Sunday, June 19, 2011

I'm Thankful - A Vintage Treasure

     I bought an antique feedsack quilt top this week for $1.00.  I didn't inspect it before I bought it because for a dollar how could I go wrong.  When I got it home, I discovered some minor condition issues like a few age stains, and I considered tossing it in the trash.  With closer inspection, I noticed that some of the feedsack fabrics were really cool, some of the fabrics were men's hankies, and the piece was hand stitched.  So, I threw it in the wash thinking that maybe I would keep it.
     Once the quilt was clean, I began to take a closer look.  I discovered that the needle artist from long ago patiently stitched together scraps to make the 3" squares.  She sewed together scraps to make scraps  - which become  3" squares - constructed into 9-patches that become the quilt.
Sometimes 5 tiny pieces or more were stitched together before having a 3" square.
     I decided to name the quilt, "I'm Thankful".  I'm thankful that I don't have to hoard itsy-bitsy pieces of fabric from sacks of chicken feed to individually stitch together to have a blanket for my family.  This quilt was starting to get under my skin.  Now, I am thinking about what to do with it. 

Some patches have a very traditional design.
Many of the fabrics have an art deco look.

There are materials that remind me of my Asian fabrics.
The green and ivory pieces are silk.  The blue and white plaid reminds me of boxer shorts!  

     This 30s quilter was definitely a kindred spirit.  I have a list of possibilities for the quilt.
1.  I could pay someone to quilt it for me as a lap blanket.  When doing hand work, I often use a lap quilt.  I could put this in my new studio.
2.  Next year, I could use it to make porch pillows.
3.  I could embroider and embellish it turning the scrappy quilt into a crazy quilt further avoiding the dysfunctional cat and stupid corners of my unfinished projects.
4.  I could send it to my sister-in-law, Kay.  One of her guild members might like it.
5.  I could put it away for later.
     Yesterday, I looked on ebay to see what old quilts are bringing in online auctions. Little to Nothing.  This quilt top has no monetary value.  But, I think that many will agree that it is priceless. What do you think I should do with it?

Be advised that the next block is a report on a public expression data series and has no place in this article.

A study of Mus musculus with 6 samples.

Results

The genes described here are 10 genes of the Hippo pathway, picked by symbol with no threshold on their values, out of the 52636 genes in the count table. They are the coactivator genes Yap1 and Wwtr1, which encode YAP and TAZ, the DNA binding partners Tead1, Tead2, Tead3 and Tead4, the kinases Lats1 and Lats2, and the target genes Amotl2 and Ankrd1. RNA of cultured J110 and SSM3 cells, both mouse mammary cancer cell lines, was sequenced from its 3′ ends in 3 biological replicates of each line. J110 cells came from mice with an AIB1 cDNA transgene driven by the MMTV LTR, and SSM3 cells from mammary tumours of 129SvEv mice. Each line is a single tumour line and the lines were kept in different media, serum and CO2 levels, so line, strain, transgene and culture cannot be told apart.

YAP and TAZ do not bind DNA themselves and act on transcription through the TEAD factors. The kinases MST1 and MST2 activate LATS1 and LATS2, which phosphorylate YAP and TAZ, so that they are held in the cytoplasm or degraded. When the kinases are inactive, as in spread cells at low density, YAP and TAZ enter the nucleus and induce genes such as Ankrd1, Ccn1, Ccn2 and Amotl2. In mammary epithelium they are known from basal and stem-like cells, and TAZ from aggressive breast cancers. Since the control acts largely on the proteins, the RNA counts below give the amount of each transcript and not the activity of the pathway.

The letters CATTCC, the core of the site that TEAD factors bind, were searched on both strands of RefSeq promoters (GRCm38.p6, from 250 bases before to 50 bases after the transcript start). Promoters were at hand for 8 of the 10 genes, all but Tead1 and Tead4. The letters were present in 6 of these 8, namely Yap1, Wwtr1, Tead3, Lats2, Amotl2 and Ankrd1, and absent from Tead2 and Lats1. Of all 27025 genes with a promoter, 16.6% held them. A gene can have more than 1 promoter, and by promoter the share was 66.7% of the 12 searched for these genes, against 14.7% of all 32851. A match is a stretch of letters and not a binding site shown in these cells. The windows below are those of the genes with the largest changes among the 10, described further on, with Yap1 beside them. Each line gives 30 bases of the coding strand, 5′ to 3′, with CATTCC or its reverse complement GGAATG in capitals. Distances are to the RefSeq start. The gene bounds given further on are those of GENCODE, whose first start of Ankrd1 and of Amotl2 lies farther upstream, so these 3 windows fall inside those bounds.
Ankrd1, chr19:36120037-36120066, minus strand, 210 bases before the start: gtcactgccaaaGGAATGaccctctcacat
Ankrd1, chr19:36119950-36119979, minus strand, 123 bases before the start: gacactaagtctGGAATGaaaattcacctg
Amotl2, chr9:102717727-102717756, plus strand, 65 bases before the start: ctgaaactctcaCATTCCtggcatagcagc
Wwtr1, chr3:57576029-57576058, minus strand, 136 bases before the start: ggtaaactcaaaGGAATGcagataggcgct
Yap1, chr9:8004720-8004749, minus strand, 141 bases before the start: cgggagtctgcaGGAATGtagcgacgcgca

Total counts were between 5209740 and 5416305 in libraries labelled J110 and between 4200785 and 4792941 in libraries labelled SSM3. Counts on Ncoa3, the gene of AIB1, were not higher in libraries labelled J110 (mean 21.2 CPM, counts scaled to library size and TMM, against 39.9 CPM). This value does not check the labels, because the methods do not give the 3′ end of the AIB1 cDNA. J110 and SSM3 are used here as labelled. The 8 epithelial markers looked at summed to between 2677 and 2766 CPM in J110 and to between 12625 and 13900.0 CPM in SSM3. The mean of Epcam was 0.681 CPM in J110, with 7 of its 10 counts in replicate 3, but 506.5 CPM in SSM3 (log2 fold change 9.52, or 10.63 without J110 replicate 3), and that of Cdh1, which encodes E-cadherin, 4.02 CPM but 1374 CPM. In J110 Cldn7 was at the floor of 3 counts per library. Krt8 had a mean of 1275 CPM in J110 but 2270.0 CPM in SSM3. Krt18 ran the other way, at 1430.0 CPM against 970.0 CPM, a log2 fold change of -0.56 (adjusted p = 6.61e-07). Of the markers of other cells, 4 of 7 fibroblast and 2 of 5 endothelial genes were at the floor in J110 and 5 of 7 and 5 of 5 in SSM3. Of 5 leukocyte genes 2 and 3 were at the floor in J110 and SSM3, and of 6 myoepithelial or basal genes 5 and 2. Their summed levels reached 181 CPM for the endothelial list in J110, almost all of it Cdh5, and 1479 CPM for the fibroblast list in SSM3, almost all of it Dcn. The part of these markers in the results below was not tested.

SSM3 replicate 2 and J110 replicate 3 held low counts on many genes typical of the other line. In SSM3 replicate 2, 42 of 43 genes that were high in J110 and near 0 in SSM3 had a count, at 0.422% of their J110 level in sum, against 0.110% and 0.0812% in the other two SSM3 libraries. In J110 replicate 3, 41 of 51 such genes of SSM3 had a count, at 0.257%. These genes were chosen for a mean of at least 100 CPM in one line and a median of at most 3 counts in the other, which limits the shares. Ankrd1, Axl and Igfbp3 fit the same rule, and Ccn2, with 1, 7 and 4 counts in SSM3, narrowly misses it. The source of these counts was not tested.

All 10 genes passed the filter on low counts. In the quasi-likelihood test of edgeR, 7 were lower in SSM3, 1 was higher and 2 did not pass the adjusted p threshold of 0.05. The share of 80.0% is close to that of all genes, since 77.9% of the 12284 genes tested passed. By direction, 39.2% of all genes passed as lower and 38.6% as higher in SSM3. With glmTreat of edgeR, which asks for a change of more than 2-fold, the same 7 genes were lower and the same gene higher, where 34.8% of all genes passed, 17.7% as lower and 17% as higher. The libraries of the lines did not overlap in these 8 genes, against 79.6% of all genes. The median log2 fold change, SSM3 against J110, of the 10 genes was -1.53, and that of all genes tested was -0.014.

Wednesday, June 15, 2011

The Jewelry Room

     I admit, I'm avoiding my unfinished projects!  Yesterday, I cleaned the jewelry room instead of sewing.  Choosing cleaning over sewing means that I am really stuck with "Dysfunctional Kitty" and "Cantankerous Corners"!

Jewelry Room History

       Upstairs there is a tiny little room that has had many uses over the last 30 years.  It has been the nursery, a playroom, and Amy's studio.  Now, it is our jewelry room.  About 5 years ago, I asked Amy to design a space to be used as a dressing room and storage for our vintage jewelry (junk jewelry) collection.  The economy was taking a downward direction and I had 2 kids in college so the project had to be finished using very little money.
First, stripes were painted on the walls in tone-on-tone taupe.

Next, the built-in cupboard and woodwork were painted white.
       Amy and I have a lot of junk fermenting in the basement.  Whenever we need something, the first step is to shop in the basement.   The basement excavation yielded pieces of antique iron fencing and a cedar chest. Both got a paint- job.  Larry added hooks to the fencing to hold belts and scarves.  We keep blankets and sheets in the chest, and it gives more space for showing off stuff.

     I found a vanity at a garage sale for $50.  The owner had spilled Jean Nate' in the drawers so it took a lot of airing out!  The vanity was painted a distressed light green.  Larry had a piece of old glass in the basement which he cut to fit on the top.  I put a few antique postcards under the glass.  The chair was also a basement find.  I love how the curly-ques in the chair coordinate with the vanity hardware.

     The most expensive piece in the room is the light fixture which I bought on ebay for $125. It was the perfect size for the tiny room so I had to splurge.
The backs of the bookshelves have a product that is covered with fabric so we can pin up our jewelry for display.  We are always moving pieces around just for fun.  I do all of my ironing in the jewelry room. I have been known to wear some of the more gaudy earrings and necklaces while ironing since I don't dare wear them out of the house!
None of our jewelry is valuable.  We just like bold colors and lots of bling! 

     A mirror, floating shelves, and curtains were bought at "Wally World" for maybe another $75.00.  I think the entire room cost less than $350.

Studio/Sewing Room Update
     The dining room furniture is gone!  The walls have been painted.  Larry is refinishing antique cupboards.  I can't wait to use the space and to unveil the finished product.  My sister-in-law, Kay, is a great quilter.  She is very precise.  I have been whining at her to help me finish those darned corners.  I told her that we could even work in my new studio.  I think that she might fly up in July - yeah!